Parliament passed a resolution on February 22 asking the chief prosecutor’s office “to react appropriately” on new facts and circumstances surrounding the death of Georgia’s ousted President Zviad Gamsakhurdia seventeen years ago.
The resolution was passed based on a report tabled by an ad hoc parliamentary commission, chaired by MP Konstantine Gamsakhurdia, son of the late President.
For more than a year the commission was studying circumstances of Zviad Gamsakhurdia’s death in December, 1993 in a remote village of western Georgian region of Samegrelo, less than two years after he was ousted in a military coup. He died from a gunshot to the head.
The official investigation, carried out in 1990s, found that Gamsakhurdia committed suicide – the clam disputed by many of his supporters.
The ad hoc commission was mandated with a task to find out whether the suicide version was in line with actual facts and circumstances; the commission had a mandate “to study” and not the mandate “to investigate” – the latter gives more powers to ad hoc parliamentary commissions.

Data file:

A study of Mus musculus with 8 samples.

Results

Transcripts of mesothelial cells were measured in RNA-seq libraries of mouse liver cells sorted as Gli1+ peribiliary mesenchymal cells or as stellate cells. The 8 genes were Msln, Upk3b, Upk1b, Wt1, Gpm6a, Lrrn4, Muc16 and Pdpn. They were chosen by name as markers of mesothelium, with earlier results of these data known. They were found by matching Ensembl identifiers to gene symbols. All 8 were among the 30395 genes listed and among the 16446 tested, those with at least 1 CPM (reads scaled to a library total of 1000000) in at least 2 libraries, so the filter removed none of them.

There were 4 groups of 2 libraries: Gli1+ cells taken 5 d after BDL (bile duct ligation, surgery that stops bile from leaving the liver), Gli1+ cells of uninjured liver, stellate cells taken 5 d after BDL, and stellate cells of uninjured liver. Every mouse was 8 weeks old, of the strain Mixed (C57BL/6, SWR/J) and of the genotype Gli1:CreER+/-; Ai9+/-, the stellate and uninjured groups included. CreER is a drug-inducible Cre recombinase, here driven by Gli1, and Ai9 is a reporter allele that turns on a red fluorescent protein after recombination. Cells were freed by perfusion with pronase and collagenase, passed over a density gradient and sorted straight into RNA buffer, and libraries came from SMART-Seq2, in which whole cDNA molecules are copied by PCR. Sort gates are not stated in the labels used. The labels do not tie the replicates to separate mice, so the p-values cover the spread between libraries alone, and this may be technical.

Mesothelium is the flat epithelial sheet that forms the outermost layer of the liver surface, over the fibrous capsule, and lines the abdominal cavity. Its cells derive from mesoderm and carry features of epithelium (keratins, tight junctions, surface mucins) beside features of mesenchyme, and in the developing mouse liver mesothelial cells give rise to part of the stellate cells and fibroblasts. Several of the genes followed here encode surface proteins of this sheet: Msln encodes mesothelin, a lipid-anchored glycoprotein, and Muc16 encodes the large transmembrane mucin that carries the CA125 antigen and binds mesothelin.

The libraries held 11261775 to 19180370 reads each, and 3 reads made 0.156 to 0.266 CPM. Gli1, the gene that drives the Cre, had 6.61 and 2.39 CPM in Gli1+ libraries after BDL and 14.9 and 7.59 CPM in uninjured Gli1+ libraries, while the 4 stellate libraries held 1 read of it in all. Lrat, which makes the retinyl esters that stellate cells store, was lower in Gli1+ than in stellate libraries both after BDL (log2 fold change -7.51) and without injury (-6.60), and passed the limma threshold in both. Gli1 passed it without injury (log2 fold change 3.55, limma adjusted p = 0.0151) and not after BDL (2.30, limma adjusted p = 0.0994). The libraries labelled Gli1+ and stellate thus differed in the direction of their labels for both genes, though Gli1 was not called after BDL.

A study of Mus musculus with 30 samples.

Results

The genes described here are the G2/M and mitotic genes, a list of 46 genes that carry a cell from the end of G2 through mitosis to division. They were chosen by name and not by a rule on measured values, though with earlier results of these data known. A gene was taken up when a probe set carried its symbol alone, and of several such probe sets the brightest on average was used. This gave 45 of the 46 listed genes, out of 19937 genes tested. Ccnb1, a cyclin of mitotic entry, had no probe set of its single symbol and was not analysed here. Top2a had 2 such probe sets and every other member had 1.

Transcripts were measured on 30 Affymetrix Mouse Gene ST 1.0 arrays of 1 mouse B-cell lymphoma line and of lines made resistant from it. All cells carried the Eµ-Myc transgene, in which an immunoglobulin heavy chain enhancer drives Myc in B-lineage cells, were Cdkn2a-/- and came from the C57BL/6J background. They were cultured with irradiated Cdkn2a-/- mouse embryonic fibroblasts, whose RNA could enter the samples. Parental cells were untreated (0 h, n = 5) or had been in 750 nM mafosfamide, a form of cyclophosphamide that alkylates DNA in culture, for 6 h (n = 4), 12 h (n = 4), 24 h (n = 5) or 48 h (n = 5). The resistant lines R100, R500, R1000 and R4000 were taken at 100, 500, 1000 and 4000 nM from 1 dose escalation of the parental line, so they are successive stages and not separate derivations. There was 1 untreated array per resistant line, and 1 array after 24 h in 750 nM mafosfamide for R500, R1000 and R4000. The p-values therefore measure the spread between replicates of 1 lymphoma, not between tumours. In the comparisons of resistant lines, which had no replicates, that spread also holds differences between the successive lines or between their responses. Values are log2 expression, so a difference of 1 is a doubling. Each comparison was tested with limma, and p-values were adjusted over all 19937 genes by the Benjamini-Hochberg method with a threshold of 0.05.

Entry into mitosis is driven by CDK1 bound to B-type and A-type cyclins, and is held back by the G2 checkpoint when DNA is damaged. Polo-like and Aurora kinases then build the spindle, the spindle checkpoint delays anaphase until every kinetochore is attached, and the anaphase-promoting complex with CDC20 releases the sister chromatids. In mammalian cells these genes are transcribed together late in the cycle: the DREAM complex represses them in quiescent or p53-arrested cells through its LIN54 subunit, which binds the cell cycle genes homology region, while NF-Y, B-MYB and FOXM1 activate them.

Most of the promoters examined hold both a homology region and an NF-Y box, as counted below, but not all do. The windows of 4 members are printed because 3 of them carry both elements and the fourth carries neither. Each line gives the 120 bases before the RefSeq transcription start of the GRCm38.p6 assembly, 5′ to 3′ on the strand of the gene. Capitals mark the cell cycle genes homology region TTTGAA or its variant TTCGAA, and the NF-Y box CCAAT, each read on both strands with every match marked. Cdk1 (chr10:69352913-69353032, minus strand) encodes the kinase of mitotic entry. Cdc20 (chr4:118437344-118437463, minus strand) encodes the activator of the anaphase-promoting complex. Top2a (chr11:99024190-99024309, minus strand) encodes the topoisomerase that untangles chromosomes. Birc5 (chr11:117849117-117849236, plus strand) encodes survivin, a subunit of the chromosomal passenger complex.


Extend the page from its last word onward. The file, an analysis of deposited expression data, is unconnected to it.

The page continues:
According to the commission’s report the investigation into Gamsakhurdia’s death was carried out with negligence of crucial circumstances and through ignorance of major evidence. It says that key evidence, including gun and also a bullet, from which Gamsakhurdia allegedly committed suicide disappeared. According to the report there are multiple inconsistencies in the official investigation, which give a reason to cast doubt over its conclusions that Gamsakhurdia committed suicide.